Colorado Radio DJ Stumbles Upon Famous Movie Building in New York
I just returned from five glorious days in Manhattan. This is what happens when you send a radio guy out of Grand Junction, Colorado, to the Big Apple.
You'll find an endless list of fascinating things to do in Manhattan. Among the lengthy list of "must-sees," you'll encounter the occasional oddity or two. Here's one I stumbled upon while walking from the World Trade Center back to Midtown.
My travel plans had originally involved leaving the United States. The flight to LaGuardia in New York was necessary to catch my connection to Europe. Unfortunately, between COVID and Russia, my travel plans were canceled. Since I already had my tickets to New York, I decided "Why not?"
Manhattan on a Radio Budget
I'm not rich. New York is very expensive. Put those together, and you get Waylon Jordan on foot hiking all over midtown and lower Manhattan. The great thing about the poor man's method of exploring Manhattan - you see stuff. You'd be surprised what you find around Manhattan when you're on foot with a budget of $30 a day.
An Example of What You'll Find When Exploring Manhattan
The possibilities are endless in Manhattan: the Statue of Liberty, the World Trade Center, the Theater District, the Empire State Building, Radio City Music Hall, Central Park, Lincoln Center, Julliard, and so much more. You could visit all of those locations on foot in less than a day.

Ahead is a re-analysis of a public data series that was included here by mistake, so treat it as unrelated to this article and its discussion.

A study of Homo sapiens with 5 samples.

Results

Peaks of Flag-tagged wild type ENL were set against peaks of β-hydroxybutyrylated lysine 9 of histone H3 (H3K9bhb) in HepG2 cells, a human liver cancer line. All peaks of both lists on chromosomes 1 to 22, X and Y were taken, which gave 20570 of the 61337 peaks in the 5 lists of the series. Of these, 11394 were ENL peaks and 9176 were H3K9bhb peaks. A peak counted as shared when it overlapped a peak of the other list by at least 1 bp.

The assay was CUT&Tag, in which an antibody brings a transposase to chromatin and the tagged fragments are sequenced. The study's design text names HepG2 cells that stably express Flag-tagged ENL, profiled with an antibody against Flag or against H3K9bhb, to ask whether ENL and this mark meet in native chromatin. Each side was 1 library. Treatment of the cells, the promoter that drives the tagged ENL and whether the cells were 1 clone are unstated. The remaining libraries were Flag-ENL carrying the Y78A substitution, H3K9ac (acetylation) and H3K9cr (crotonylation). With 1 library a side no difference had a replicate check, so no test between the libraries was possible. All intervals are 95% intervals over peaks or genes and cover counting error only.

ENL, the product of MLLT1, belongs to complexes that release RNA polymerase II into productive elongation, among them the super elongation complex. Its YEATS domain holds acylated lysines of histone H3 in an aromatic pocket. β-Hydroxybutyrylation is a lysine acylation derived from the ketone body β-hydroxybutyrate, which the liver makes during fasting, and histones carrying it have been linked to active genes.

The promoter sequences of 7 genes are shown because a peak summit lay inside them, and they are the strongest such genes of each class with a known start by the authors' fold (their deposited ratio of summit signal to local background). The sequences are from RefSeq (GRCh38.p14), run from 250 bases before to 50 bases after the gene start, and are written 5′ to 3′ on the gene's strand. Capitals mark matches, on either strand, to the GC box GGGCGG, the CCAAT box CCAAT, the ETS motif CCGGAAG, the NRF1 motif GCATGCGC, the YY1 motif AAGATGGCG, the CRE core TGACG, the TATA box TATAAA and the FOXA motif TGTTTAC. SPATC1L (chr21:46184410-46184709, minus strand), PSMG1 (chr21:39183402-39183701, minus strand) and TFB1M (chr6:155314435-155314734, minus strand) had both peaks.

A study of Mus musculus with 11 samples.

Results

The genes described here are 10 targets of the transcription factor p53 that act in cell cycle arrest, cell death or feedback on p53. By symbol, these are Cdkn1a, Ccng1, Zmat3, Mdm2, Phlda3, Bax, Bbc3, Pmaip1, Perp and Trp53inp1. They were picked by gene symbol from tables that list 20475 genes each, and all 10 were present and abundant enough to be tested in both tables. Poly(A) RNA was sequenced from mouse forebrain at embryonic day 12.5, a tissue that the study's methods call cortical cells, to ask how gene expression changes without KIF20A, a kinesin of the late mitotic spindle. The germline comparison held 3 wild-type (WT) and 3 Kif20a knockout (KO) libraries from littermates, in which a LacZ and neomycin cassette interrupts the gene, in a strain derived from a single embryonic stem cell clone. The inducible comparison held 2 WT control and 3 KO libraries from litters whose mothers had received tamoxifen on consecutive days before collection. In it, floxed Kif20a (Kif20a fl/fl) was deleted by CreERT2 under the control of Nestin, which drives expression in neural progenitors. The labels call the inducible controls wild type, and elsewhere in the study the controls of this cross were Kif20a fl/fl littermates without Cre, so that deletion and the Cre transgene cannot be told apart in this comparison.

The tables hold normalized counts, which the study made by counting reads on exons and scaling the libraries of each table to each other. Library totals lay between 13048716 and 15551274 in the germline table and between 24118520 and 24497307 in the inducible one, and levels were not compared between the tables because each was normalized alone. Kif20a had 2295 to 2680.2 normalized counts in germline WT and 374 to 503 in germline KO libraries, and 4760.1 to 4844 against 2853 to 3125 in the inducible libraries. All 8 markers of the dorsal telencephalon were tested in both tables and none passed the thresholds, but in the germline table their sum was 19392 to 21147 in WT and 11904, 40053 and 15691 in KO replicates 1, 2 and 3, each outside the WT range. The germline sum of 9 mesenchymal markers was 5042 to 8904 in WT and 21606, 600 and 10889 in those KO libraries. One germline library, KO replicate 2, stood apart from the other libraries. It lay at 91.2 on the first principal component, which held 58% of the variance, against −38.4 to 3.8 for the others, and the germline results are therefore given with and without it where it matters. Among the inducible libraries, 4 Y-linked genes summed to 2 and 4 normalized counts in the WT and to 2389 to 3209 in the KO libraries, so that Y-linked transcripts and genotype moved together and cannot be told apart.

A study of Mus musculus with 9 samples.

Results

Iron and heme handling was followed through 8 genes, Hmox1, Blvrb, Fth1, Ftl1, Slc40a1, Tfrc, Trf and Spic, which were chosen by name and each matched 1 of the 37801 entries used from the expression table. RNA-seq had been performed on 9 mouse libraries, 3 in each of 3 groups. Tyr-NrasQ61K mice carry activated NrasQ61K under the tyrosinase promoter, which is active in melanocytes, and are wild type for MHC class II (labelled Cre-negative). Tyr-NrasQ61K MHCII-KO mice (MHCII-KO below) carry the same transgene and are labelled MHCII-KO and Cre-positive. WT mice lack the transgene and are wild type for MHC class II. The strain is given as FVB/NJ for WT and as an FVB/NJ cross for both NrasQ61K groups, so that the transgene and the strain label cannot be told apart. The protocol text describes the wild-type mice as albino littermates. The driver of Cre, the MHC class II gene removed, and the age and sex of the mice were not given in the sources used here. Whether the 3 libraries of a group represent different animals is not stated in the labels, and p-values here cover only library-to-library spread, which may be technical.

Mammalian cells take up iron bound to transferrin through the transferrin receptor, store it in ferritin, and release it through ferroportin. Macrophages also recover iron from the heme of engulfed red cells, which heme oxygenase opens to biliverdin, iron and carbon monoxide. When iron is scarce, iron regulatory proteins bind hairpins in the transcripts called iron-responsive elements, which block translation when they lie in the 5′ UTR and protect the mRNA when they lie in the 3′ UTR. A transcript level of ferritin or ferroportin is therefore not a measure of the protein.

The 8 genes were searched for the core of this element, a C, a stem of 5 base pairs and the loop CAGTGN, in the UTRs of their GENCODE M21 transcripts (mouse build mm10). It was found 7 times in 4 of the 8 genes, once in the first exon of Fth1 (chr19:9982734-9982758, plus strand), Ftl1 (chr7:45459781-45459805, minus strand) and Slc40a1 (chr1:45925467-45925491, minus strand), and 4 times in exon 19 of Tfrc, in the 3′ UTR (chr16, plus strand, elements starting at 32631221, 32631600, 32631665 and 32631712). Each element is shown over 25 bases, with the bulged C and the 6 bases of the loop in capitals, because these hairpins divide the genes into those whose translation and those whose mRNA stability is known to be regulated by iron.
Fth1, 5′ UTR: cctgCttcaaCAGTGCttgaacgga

If you walk around enough, you'll eventually stumble across something unexpected. Take a look a the image directly below. Does it look familiar? It should. As a matter of fact, it's precisely what you think it is.
Yep, that's the Ghostbusters firehouse. You'll find it at 1400 N Moore Street in lower Manhattan, only 7/10ths a mile from the World Trade Center.
Its proper name is Firehouse Hook & Ladder Company 8. It was built in 1903. According to Wikipedia, at one time the building had two vehicle doors but was halved in size in 1913 when Varick Street was widened.
Interesting Footnote in History
According to AV Club, firefighters from Hook & Ladder No. 8 were among the first to respond during the attacks of September 11, 2001. Later, the firehouse faced closure, but a public campaign supported by then-Mayor Bill de Blasio kept the station in service.
Was The Interior Of The Building Used In The Movie?
No. The station served for the exterior scenes, but the interior shots were filmed in Los Angeles in both a studio and at the decommissioned Fire Station No. 23.
Waylon's Recommendation When Visiting Manhattan
The next time you visit Manhattan, please consider using the "on-foot" method of transportation. Even the locals advised me to avoid signing up for the various city tours. Manhattan's not that big, and many of its most fascinating sites don't show up on tourist sites' radar.